November 9, 2015 | Posted by Microsoft Research Blog

By John Kaiser, Research News

A 21-month study on the dynamics of crowdsourcing shows workers depend on collaborating with each other, upending platform designers’ long-held assumptions of crowdsourcing tasks performed in isolation.

“People spend far more time on a task, trying to get it right, than we might expect, given the pay rates for many tasks,” said MSR lead researcher Mary Gray, who presented the study during this week’s Conference on Human Computation & Crowdsourcing in San Diego. “Finding a network of support makes all the difference for people learning how to do crowdwork efficiently.”

In seeking to replicate the social support networks associated with traditional workplaces, crowdworkers motivate each other and create systems of collaboration to make even low-paying crowdwork pay off, the MSR research shows.

In the conference keynote Tuesday, Crowdwork’s Invisible Engine: Valuing the Organic Collaboration in Crowdsourcing Labor Markets, Gray explained how crowdworkers collaborate with members of their networks to manage administrative overhead and find lucrative tasks and reputable employers. But it’s the intangible benefits that crowdworkers derive from recreating real-world social connections that compelled researchers to look deeper into the underlying crowdsourcing ecosystem.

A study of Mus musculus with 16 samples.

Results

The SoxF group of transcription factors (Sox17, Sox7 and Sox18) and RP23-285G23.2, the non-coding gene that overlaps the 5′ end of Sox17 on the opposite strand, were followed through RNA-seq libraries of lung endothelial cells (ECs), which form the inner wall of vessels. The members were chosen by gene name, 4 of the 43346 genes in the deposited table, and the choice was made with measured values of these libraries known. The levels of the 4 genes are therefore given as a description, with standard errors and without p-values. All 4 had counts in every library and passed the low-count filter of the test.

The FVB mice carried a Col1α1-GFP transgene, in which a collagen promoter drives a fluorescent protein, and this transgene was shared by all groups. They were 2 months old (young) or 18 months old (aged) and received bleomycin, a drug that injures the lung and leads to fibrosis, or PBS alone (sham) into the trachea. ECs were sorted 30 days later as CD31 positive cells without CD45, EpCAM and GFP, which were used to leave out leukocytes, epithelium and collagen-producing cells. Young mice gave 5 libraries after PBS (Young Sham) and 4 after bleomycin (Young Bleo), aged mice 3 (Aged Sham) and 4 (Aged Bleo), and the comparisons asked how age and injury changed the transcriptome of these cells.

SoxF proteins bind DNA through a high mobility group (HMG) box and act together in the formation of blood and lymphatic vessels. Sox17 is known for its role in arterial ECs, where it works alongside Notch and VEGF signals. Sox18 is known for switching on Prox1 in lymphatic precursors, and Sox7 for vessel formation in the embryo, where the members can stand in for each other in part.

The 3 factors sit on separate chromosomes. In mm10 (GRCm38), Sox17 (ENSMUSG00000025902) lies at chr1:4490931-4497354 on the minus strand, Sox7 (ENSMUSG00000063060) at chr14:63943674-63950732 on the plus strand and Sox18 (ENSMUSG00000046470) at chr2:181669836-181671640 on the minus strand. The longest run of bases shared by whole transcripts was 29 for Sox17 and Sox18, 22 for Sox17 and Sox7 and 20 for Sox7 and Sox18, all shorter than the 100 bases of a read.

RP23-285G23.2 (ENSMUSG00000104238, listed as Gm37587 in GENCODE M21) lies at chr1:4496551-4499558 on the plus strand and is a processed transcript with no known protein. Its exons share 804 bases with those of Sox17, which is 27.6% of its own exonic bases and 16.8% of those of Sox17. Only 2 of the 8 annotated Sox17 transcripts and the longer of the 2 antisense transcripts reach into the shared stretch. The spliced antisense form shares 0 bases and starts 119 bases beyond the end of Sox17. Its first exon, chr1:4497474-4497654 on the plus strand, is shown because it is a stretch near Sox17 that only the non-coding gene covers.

The study, co-authored with MSR researcher Siddharth Suri, focused on four platforms: Amazon Mechanical Turk, one of the largest micro-task platforms, Amara (a video captioning and translation service), Leadgenius (sales leads), and UHRS (Microsoft’s micro-task platform).

The MSR researchers collected experiences from crowdworkers in the U.S. and India amassing:

  • 2,762 worker surveys.
  • 138 India-based interviews and 52 U.S.-based interviews.
  • Millions of workflows and bits of metadata.



Self-reported location of study participants

Crucially, the extent of crowdworker collaboration proved to be such a surprise that measuring it was not even a goal when research started two years ago.

“We never would have measured task sharing if we didn’t learn about it through interviews,” the study states.

Gray and Suri’s findings have transformative implications for crowdsourcing APIs originally developed a decade ago with the assumption that crowdworkers mostly work alone without the need or desire to communicate with each other. The MSR researchers argue that platforms are now “dependent on worker collaboration (they just don’t know it).” To grow and otherwise gain market share, they will need to “build in ways for workers to collaborate.”


Crowdsourcing assumptions

“The challenge is how to get engineers to embrace technology that facilitates social interaction,” Gray says. “The effort so far has been to engineer the collaboration” instead of providing tools to enable social interaction.

Typical Mturk tasks include describing an image or highlighting purchased items from Walmart sales receipts for 3-5 cents on completion. Higher paying tasks include translating TED talks or transcribing recordings, yielding about $18 for what is estimated to take an hour or more.

The economics of crowdsourcing could soon extend into other industries beyond the existing base of service, technology, management, HR, scientific research, and arts/design, according to the MSR study. These industries include: Real estate, banking, health care, education, leisure, and tourism.

Are these trends merely a precursor to total machine automation? On the contrary, the MSR study echoes the traditional economic theory of innovation as an overall job creator in what it calls the “Paradox of tech innovation’s last mile” creating rather than eliminating markets.